It seems the popularity of smartphones and mobile applications are driving demand for mobile disaster information. Kim Amos (Chief Executive Officer, Bold Communications) and Mr Rick Hoys (Chief Executive Officer, iApps) recently spoke on this at the recent Australian & New Zealand Disaster and Emergency Management Conference held at the Mercure Hotel, Brisbane 28th to the 30th of May 2013.
As the trend for smart phone, mobile application and social media use has accelerated across Australia and New Zealand, we have seen these communication tools become an important part of disaster management and recovery. Applications (Apps) that incorporate real time, SMS alerts, early warning systems and geolocation mapping have the ability to save thousands of lives. While social media encourages the general public to act as ‘information volunteers’ keeping people instantly updated as the disaster unfolds using rich content such as photographs and video.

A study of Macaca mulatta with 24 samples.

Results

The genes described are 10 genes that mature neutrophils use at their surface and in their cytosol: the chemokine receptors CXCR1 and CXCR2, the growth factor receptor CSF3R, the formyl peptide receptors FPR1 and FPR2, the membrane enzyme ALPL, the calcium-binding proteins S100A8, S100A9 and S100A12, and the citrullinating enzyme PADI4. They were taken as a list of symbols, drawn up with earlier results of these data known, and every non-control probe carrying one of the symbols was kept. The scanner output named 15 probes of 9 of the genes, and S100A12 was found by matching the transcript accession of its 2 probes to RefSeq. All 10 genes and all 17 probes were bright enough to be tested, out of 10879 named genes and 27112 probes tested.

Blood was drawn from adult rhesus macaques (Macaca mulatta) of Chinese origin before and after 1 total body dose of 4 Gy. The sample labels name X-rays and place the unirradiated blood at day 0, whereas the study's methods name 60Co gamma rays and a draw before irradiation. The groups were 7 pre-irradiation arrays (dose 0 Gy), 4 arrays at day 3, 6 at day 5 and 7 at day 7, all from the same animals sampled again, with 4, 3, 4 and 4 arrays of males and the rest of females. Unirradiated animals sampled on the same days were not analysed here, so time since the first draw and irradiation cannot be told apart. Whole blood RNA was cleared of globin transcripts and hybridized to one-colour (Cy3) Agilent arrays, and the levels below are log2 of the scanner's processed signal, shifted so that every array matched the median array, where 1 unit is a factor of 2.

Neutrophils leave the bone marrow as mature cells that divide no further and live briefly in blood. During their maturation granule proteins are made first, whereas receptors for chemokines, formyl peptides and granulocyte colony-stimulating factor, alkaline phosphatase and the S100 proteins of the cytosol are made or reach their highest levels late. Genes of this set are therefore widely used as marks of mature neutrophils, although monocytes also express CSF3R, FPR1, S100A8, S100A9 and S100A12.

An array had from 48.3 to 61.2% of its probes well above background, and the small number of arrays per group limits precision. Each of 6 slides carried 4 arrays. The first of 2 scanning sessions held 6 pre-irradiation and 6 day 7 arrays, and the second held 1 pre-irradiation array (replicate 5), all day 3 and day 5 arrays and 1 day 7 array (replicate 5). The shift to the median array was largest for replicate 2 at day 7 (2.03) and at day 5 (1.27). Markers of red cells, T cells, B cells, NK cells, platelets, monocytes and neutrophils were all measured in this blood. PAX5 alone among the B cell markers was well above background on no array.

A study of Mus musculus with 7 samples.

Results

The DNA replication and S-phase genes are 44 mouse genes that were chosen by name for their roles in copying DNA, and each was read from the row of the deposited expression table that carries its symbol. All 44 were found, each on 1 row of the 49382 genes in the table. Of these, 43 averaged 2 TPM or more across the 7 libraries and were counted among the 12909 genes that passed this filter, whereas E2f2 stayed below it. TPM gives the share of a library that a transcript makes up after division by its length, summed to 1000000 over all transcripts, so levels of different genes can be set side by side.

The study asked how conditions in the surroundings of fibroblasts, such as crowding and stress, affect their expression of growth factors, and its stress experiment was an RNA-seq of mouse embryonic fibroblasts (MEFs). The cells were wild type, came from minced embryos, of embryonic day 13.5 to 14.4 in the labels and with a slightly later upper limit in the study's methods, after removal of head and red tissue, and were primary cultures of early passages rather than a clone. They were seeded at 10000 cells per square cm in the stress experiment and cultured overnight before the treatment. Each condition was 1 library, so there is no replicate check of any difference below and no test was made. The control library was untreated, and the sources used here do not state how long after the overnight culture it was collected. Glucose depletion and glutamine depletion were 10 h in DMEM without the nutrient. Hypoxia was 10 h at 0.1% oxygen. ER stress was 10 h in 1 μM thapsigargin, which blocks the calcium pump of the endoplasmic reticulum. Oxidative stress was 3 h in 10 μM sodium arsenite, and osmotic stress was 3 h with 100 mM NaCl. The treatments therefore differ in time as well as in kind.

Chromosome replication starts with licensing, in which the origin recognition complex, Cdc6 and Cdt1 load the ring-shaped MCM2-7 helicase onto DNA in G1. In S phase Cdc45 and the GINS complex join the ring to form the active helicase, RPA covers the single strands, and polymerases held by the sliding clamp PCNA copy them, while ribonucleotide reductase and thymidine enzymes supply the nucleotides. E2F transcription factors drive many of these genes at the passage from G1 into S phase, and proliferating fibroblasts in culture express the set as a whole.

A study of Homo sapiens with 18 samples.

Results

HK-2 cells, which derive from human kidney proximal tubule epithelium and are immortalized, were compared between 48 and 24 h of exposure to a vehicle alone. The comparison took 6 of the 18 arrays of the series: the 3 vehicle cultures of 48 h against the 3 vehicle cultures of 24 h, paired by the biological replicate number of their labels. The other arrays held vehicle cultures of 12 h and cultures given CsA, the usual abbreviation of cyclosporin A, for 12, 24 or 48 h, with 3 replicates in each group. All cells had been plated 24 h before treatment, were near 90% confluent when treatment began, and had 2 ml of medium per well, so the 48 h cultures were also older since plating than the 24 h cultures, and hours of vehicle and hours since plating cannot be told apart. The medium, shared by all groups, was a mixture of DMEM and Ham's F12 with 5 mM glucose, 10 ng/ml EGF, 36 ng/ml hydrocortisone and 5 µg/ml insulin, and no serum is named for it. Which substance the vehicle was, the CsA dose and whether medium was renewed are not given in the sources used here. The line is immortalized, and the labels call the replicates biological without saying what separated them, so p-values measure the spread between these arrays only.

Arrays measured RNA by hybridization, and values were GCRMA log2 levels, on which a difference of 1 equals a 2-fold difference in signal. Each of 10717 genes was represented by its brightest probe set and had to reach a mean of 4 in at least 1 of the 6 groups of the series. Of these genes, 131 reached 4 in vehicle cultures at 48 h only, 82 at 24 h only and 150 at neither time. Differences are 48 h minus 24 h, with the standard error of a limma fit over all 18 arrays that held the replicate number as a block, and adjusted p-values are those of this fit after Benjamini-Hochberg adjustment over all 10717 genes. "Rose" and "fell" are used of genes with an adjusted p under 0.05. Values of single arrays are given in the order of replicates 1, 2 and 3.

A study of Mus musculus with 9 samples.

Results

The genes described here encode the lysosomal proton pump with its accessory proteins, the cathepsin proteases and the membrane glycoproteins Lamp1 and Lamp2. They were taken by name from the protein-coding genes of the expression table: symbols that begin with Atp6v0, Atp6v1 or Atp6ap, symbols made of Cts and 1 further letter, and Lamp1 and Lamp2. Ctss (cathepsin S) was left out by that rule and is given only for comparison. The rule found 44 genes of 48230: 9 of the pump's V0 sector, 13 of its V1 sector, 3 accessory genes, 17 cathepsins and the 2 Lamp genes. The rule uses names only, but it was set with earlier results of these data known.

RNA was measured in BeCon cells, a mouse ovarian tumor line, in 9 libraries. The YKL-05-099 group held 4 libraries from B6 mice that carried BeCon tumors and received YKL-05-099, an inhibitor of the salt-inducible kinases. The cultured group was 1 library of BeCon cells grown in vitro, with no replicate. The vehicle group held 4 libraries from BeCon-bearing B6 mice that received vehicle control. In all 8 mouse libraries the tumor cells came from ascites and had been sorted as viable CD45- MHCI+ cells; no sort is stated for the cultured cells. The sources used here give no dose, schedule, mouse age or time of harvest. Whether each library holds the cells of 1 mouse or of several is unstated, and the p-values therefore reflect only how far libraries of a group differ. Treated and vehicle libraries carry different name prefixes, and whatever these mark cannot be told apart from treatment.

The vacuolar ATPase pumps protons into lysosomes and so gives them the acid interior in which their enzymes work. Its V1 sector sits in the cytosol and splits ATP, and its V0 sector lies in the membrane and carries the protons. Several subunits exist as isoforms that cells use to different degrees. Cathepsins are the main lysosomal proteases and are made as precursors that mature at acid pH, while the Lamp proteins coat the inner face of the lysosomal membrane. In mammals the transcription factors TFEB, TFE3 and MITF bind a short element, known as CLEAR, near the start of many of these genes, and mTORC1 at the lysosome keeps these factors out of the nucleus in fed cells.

However, although there are an increasing number of mobile applications (both free and for purchase) available to the public and emergency organisations to assist in times of flood, fire and other disasters, the reality is they still have limited take up. In what now seems like an environment of ongoing disaster events, it is crucial that we examine how we can better incorporate quality applications (apps), social media platforms and the online space into our disaster management planning and strategy.
Early comprehensive planning of applications – built for purpose – will benefit organisations and the public in the disaster management process and organisations need to market their application and educate application users by using effective online and traditional communication practice. The broader network of the online space and establishing efficient online communities will maximise the take up and effectiveness of disaster mobile applications to provide effective communication links between emergency operation centres, the media, front-line responders and affected communities.